ALBANY — Dougherty County Schools Superintendent Kenneth Dyer knows what it’s like for parents whose children are graduating in a school year upended by a pandemic — he is the father of one of those students.
On Saturday, Kenadi Beverly was one of more than 700 Dougherty County School System students to graduate in a class whose high school year was marked by disasters.
“They went through tornadoes, a hurricane and now a pandemic,” he said. “In their four years, they’ve seen a lot.”
Dyer said he hopes the students who participated in the virtual graduation ceremonies will get a chance for the real thing in June or July. There were 739 candidates for graduation on Saturday for the three separate graduation ceremonies: 208 from Dougherty High School, 227 from Monroe Comprehensive High School and 304 for Westover High School.
If circumstances permit, in-person graduation ceremonies for the students, who were last together in a classroom on March 13, will be held during the summer.
“We’re celebrating our students’ achievements,” Dyer said of the Saturday online ceremonies. “They’ve done a good job of persevering. I hope, although they don’t have a chance now to walk across the stage, they understand their accomplishments are not any less than other graduates.
“They understand the seriousness of the pandemic. If we can conduct a celebration in a safe manner, I look forward to celebrating in the summer.”
For Westover graduate Angela Santos, the transition to distance learning was not difficult. Santos, who said she hopes to attend the U.S. Naval Academy or U.S. Air Force Academy, was a dual-enrollment student at Albany State University.
“I try to find the better things,” she said. “I like to spend time with my family. When I’m not doing school work, I like spending time with my family.”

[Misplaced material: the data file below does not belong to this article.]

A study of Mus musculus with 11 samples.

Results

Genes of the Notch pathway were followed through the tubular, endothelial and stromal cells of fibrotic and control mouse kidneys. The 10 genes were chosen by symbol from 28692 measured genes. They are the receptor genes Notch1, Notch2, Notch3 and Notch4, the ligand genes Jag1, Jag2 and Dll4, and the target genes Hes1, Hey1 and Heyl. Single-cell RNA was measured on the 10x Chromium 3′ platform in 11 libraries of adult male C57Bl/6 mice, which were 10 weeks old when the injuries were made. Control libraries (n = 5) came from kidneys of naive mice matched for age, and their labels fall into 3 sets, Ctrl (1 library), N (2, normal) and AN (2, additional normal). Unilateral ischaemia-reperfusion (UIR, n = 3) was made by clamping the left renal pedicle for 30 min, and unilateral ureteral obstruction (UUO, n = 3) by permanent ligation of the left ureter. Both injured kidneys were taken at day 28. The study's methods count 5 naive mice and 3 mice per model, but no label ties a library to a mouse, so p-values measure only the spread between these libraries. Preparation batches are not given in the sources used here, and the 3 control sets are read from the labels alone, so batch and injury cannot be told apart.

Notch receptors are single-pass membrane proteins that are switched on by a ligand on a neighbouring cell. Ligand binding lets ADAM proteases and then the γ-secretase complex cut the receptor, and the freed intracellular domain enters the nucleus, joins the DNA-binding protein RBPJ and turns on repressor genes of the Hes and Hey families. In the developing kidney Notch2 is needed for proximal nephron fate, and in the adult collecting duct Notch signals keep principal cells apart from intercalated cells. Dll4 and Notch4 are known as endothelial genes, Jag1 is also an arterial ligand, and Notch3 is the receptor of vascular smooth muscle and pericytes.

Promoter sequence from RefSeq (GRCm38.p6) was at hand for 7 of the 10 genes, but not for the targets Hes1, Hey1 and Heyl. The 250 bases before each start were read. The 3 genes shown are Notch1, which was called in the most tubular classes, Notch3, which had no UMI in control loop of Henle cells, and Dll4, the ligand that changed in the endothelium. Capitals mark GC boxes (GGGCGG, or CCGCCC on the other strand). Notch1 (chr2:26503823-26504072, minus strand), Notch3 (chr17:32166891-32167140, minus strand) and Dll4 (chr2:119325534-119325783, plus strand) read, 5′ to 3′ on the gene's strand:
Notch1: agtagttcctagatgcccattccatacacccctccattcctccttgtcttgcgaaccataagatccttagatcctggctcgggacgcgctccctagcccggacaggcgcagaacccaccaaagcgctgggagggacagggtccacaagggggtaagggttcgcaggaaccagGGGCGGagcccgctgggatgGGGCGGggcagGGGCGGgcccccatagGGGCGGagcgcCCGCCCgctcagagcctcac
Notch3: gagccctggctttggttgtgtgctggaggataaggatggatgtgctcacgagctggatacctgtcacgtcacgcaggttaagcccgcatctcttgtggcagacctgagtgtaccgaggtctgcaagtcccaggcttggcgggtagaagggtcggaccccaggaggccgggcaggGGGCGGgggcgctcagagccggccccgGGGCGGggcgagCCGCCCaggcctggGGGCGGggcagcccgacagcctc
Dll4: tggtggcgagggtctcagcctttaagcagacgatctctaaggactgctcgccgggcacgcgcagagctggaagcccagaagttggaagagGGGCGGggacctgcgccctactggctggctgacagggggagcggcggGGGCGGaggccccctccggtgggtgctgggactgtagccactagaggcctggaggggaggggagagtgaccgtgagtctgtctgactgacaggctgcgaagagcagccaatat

During the coronavirus crisis, Santos said she has stayed in touch with friends.
“We kept in contact,” she said. “We made sure we’re caught up on our school work.”
Although what happened this year is “unprecedented,” Santos said she would tell her peers to adapt and keep living life.
“I would not want them to be discouraged or be upset,” she said. “This isn’t the only monumental thing in their life. There will be other things. Look forward to the other things.
“It’s not the graduation a lot of people would have liked. (But) it’s nice the ceremony is being held to recognize the hard work.”
Monroe’s Jordan Edwards, who plans to play football in college at Savannah State University, Georgia Southern or Florida Agricultural and Mechanical University, said he was excited about graduation, but he admitted he missed interaction with other students.
‘Before, I wasn’t a phone sort of person,” he said. “I would see you at school. Now I have to manage my time. I call the people I had relationships with. We’ll have a phone conversation.
“It has been kind of overwhelming with all the plans and all the memories you wanted to make with your classmates. It hit me real hard when I found out I couldn’t go back to school.”
Edwards also has kept in touch, playing computer games online with friends through FaceTime. Adapting to doing classwork online wasn’t a challenge, said Edwards, who plans to major in biology and was a member of the basketball team that made it to the quarterfinals in the state playoffs.
“I know it’s hard for the class of ‘20,” he said. “We did so much. We’re at the finish line. There’s no need to be sad right now. At the end of the day, everybody has to step up.”